Updated from 9:28 a.m. EDT

Intel ( INTC) shares dipped in early trading, as investors were unimpressed over a largely in-line quarter.

In recent trading the stock was down 21 cents, or 0.8%, to $27.46.

Late Tuesday the chipmaker posted an 89% gain in profit from the year-ago quarter and said profit levels will stay about the same in the quarter now under way. On the downside, the midpoint of its broad sales guidance fell a touch below the Wall Street consensus estimate, and the company admitted to a slight buildup in inventory.

At Deutsche Bank, analyst Ben Lynch called Intel's first-quarter results "relatively uninspiring." The upside in the first-quarter gross margin was overshadowed by disappointing second-quarter guidance, he noted. Relatively little new information on PC trends emerged, other than that desktop demand is running as expected and excess notebook inventory has been cleared.

He cut his second-quarter EPS estimate to 25 cents from 27 cents, while offering a few words of caution. "We continue to believe the market has overestimated Intel's 2005 gross margin potential, and specifically the risk from a more competitive AMD ( AMD)," he wrote.

Still, he has a buy rating on the stock, explaining that although Intel is no longer a momentum play, it "remains the quality semi stock" in light of its relatively low valuation and strong cash flow and returns. Deutsche Bank has done investment banking for Intel.

On a more upbeat note, Fulcrum's Clark Fuhs says he favors the higher end of second-quarter guidance because he believes Intel management is being conservative. "Demand from increased corporate spending should help the PC and server markets this year," he wrote. He believes semiconductor makers are likely to see the usual late-summer pickup in demand occur earlier than usual, perhaps as early as June or July, because supply is relatively tight this year.

For that reason, he predicts Intel's June midquarter update will be a positive catalyst for the stock.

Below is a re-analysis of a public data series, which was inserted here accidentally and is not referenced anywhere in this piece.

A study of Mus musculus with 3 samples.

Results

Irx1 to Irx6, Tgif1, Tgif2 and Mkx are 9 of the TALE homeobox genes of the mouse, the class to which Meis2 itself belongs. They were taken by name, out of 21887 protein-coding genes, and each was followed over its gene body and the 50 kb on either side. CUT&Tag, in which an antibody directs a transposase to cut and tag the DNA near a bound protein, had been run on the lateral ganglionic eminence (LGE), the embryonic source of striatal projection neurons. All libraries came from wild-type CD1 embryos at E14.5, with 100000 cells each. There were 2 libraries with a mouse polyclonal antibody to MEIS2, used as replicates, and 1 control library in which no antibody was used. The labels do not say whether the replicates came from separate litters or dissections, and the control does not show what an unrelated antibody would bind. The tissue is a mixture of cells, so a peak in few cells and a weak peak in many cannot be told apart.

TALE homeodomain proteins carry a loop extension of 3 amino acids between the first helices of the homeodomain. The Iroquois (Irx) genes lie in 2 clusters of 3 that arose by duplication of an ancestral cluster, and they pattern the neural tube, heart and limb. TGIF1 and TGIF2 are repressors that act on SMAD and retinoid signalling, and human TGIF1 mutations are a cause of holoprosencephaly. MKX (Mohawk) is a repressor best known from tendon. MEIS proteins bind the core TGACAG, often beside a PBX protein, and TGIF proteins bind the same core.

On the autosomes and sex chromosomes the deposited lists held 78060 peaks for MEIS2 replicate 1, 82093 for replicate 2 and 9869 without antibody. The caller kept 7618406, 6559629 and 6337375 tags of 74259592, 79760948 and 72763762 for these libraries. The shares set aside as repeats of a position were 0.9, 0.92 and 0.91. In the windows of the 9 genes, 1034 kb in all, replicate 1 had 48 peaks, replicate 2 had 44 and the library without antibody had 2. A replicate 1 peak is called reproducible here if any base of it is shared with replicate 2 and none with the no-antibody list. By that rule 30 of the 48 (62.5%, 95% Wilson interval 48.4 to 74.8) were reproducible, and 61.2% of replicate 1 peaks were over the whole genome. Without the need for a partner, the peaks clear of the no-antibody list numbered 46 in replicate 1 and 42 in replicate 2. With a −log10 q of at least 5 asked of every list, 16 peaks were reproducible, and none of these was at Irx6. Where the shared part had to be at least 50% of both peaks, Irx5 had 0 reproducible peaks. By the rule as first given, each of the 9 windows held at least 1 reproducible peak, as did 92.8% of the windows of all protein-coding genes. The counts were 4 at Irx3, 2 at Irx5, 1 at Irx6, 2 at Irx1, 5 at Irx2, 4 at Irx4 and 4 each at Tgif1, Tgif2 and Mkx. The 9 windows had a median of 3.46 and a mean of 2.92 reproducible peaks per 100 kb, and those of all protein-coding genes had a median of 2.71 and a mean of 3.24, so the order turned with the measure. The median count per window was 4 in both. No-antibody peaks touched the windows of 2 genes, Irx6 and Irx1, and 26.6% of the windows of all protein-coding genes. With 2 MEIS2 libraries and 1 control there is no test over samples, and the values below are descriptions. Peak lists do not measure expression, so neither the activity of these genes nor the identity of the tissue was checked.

"I think the numbers were pretty much in line," said Tai Nguyen, an analyst at Susquehanna. "The gross margin for the first quarter is good. If you exclude the charge, it's about 62%."

Referring to the slight decline in the stock, "they may just have some negative bias in the near term, but I don't think it would fall much lower," he said. "It seems like there's strong support in the low-$27 range." (Nguyen has a net positive rating on the stock; Susquehanna doesn't do investment banking.)

No major brokerages changed their rating on the stock Wednesday morning, although CSFB cut its 2004 earnings estimate by a penny to $1.14 a share and Morgan Stanley lowered its estimate to $1.25 a share from $1.27 a share.

On March 4, Intel signaled a slight slowdown in business in a midquarter update, prompting analysts to revise their estimates a bit downward; the news has continued to weigh on the stock, which was down 14% year to date as of Monday's close.

After the bell Tuesday, Intel said its first-quarter profit stood at $1.730 billion, or 26 cents per share, just below the consensus Wall Street estimate for 27 cents.

However, the nominal earnings shortfall reflected a legal charge rather than any shortfall in underlying business. On March 30, Intel agreed to pay $225 million to Intergraph to end an ongoing chip-patent suit, resulting in a first-quarter charge that reduced its earnings per share by about 1.7 cents.